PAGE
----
I had UCLA ranked 25th in the preseason.
That was well below where everyone else had them.
The pieces didn’t fit for the Bruins. Their point guard play was reliant up a 6-foot-9 freshman, Kyle Anderson, nicknamed ‘slo-mo’ and a guy that flamed out at North Carolina, Larry Drew II, in about as epic a fashion as you’ll see. Their roster makeup included a lot of freshmen, a couple of overweight big men, a lack of perimeter shooting and no where near the kind of defensive ability we’re used to seeing with a Ben Howland team.
But most importantly, Shabazz Muhammad was dealing with eligibility issues. There was no indication, at the time, of when — or if — he’d ever be allowed to play college basketball.
Well, now we know the answer to that: he’ll be in the lineup on Monday against Georgetown.
And that means that UCLA’s potential this season skyrocketed.
The biggest concern I had with Shabazz’s return is that sitting out ten games would mean that his return to the lineup could cause issues with the rotation, with understanding of roles, with minutes that wings play. And his return could still cause those problems, but tendencies that are built up over three games are much easier to break than habits developed over a third of the season.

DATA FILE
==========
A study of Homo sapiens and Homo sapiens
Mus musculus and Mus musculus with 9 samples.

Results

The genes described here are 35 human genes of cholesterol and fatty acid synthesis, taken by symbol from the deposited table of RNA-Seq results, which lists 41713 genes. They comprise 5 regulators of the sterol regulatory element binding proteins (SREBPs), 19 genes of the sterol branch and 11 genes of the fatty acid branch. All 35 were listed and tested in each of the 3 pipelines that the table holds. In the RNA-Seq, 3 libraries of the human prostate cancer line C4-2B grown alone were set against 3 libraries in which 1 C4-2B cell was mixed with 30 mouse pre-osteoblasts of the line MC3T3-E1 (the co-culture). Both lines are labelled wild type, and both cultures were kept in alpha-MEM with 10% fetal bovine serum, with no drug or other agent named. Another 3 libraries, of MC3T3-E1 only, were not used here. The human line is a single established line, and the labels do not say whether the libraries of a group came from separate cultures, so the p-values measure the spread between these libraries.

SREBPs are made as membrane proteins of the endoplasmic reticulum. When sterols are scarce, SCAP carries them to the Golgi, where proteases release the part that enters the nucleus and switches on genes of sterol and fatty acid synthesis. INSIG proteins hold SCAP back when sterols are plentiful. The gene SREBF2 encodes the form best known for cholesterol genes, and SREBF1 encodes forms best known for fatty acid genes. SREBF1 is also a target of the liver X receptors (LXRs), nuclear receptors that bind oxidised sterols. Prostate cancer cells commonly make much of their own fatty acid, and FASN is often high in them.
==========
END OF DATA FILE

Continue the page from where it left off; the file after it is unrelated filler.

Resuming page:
The bottom line is this: Muhammad is a top five pick. He’s not a pure scorer at this point in his career, but he’s tough, incredibly athletic and as competitive as anyone in the country. They are different players, but imagine the impact that Michael Kidd-Gilchrist had on Kentucky last season. That’s how big of a deal Friday’s ruling by the NCAA is.
What this ruling doesn’t change, however, are the other underlying issues: roster makeup, Josh Smith’s weight problems, perimeter shooting.
But the infusion of talent will make it easier for UCLA to overcome those issues.
So is UCLA still the 25th best team in the country?
I’ll tell you on Wednesday morning, after the Legends Classic.